There continue to be all kinds of stories about the promise of artificial intelligence (AI) in the media, many of which discuss the idea that robots are going to take over the world and put everyone out of a job. While AI is is something we must monitor and control as its capabilities continue to expand, there are tangible applications of this powerful technology happening today. So what are some realistic opportunities for AI in the near future, as opposed to all the sci-fi hype we typically hear about?

The first thing to understand is that AI is already all around us, whether people realize it or not. In homes across the world we see products like the Amazon Echo — which is the best-selling smart speaker in the world — and Google Home, along with smart TVs and other everyday products that use AI technologies to function. The omnipresence of these technologies brings tremendous opportunities for most industries due to the variety of uses they have.

In terms of which industry can benefit most from AI technologies, it’s hard to narrow it to just one. Any industry with sufficient digital content, repetitive or mundane tasks, labor-intensive tasks or time-pressured tasks can leverage AI to become information-driven. Financial services, legal, healthcare and manufacturing are a few examples of industries where AI is starting to power information-driven organizations. So what does it means to become information-driven?

Imagine your organization with a system that combs through all of the content no matter where it is stored and provides information and insights on demand showing what is relevant given a query or a question. Imagine that system respecting the access control in place for the various documents and content items. Imagine that system continually working in the background to understand the meaning of the content, assimilating new content as it comes online and making connections across all information along topical lines.

Let’s use an example to illustrate the impact of such a system.  Take sales and marketing, for example, groups that are ripe for becoming information-driven using AI technologies. Customer information, ranging from transaction history to user experience to likes/dislikes and more, often lives in various repositories across a company’s IT infrastructure. Combing through all this information can be imperative to a company’s success in sales and marketing, but it can also be very labor-intensive and time consuming. Implementing an AI-driven solution like the one described above can help a company scan, decipher and combine all this data into meaningful, actionable information.  By automating these repetitive tasks, employees’ time can be redirected toward higher value activities.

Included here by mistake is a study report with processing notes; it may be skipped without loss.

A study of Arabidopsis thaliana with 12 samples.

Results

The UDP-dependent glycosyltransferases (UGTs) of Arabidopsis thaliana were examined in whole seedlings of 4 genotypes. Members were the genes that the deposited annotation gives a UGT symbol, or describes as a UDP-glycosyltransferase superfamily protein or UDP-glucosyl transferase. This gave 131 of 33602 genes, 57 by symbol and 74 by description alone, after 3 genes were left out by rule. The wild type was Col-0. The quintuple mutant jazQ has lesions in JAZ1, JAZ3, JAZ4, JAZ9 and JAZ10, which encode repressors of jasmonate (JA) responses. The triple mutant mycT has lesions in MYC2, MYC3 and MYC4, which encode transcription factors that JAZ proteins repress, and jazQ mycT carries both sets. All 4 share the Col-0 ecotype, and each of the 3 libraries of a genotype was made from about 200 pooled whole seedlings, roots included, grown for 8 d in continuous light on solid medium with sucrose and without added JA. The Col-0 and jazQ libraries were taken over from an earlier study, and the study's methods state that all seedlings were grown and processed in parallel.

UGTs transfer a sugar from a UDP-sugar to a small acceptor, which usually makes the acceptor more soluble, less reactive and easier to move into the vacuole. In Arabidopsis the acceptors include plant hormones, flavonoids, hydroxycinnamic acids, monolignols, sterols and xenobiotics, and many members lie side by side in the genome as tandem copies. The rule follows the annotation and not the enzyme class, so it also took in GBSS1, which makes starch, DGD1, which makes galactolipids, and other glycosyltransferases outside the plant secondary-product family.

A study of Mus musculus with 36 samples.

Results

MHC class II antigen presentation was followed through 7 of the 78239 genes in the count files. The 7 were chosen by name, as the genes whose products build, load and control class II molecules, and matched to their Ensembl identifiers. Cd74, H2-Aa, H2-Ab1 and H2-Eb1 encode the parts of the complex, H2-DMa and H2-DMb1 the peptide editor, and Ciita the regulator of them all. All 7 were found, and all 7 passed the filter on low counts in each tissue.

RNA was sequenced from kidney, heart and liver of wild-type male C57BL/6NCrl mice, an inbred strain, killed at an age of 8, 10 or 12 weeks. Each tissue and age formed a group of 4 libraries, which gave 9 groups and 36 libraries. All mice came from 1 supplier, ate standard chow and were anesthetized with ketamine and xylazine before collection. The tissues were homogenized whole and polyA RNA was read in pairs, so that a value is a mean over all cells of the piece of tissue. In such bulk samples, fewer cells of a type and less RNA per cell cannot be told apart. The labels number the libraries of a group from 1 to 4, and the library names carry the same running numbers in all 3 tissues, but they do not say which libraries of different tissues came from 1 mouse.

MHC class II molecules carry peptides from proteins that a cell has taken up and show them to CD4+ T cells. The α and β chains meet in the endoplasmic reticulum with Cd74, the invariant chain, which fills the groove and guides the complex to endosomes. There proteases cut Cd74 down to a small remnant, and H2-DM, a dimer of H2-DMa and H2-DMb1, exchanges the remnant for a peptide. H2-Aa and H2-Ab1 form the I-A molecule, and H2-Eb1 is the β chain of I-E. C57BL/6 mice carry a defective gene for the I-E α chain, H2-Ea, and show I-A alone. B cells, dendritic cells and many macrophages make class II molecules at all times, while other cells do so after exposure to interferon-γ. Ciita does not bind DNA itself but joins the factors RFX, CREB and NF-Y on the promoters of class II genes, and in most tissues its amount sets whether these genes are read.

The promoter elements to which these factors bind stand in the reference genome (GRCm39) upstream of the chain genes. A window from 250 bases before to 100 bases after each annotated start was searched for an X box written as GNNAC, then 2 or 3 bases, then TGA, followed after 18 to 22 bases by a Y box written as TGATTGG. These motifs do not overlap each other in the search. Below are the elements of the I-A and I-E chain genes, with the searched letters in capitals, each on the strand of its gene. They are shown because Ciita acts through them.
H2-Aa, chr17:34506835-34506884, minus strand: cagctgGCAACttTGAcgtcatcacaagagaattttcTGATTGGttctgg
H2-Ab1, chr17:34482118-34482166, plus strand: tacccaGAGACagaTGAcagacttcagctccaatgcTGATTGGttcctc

Beyond industries, we can also look at which applications and scenarios can benefit most from AI. There are huge opportunities in the development and integration of business processes and technologies. AI technologies are often able to contextualize why problems in these areas exist and help determine how they can be prevented to mitigate any damage. For example, using AI for predictive maintenance solves several key challenges for large industrial operations like energy exploration. In this type of scenario, equipment value can be maximized by analyzing performance data for things like drills and pipelines to spot weaknesses before they become failures and determine the most efficient and safe usage of underperforming parts. 

Enterprise software will likely see the most transformation via AI in the near future.
Between search capabilities, passwords and security/access rules, SaaS and the growing popularity of cloud, there are ample opportunities for AI in this space. Take for instance an AI-driven application that canvasses and makes sense of millions of records and documents including employee profiles, research documents, collaboration spaces and more to suggest people with relevant expertise based on their experience. Imagine the application’s ability to include restricted content in the computation underlying the application without revealing the restricted content to unauthorized users. This gives customers the best of both worlds, i.e. the ability to leverage high-value sensitive information to connect experts across the organization while at the same time enforcing access controls and protecting restricted content. This is but one example of leveraging AI to power the information-driven organization by connecting people with expertise quickly and accurately, even at the scale of very large, globally distributed organizations.



As you may or may not have noticed in your own personal life, AI is already a major presence in the technology world — both on the company and end-user sides of things. However, contrary to what you have probably heard in the media, the way the average consumer thinks of AI is not typically how it’s actually being used. We won’t be experiencing a real-life “Westworld,” “I, Robot” or “Ex Machina” any time soon. So instead we should focus on the important and incredible things that AI can be — and is — realistically doing for businesses and individuals today.


Scott Parker

Scott Parker is the senior product marketing manager at Sinequa. He began his career as a software engineer and systems analyst with Bloomberg BNA. While at BNA, Scott earned a graduate degree in software engineering from Carnegie Mellon University and then went on to become a senior director at Vivisimo, where he spearheaded the implementation of the company’s go-to-market strategy.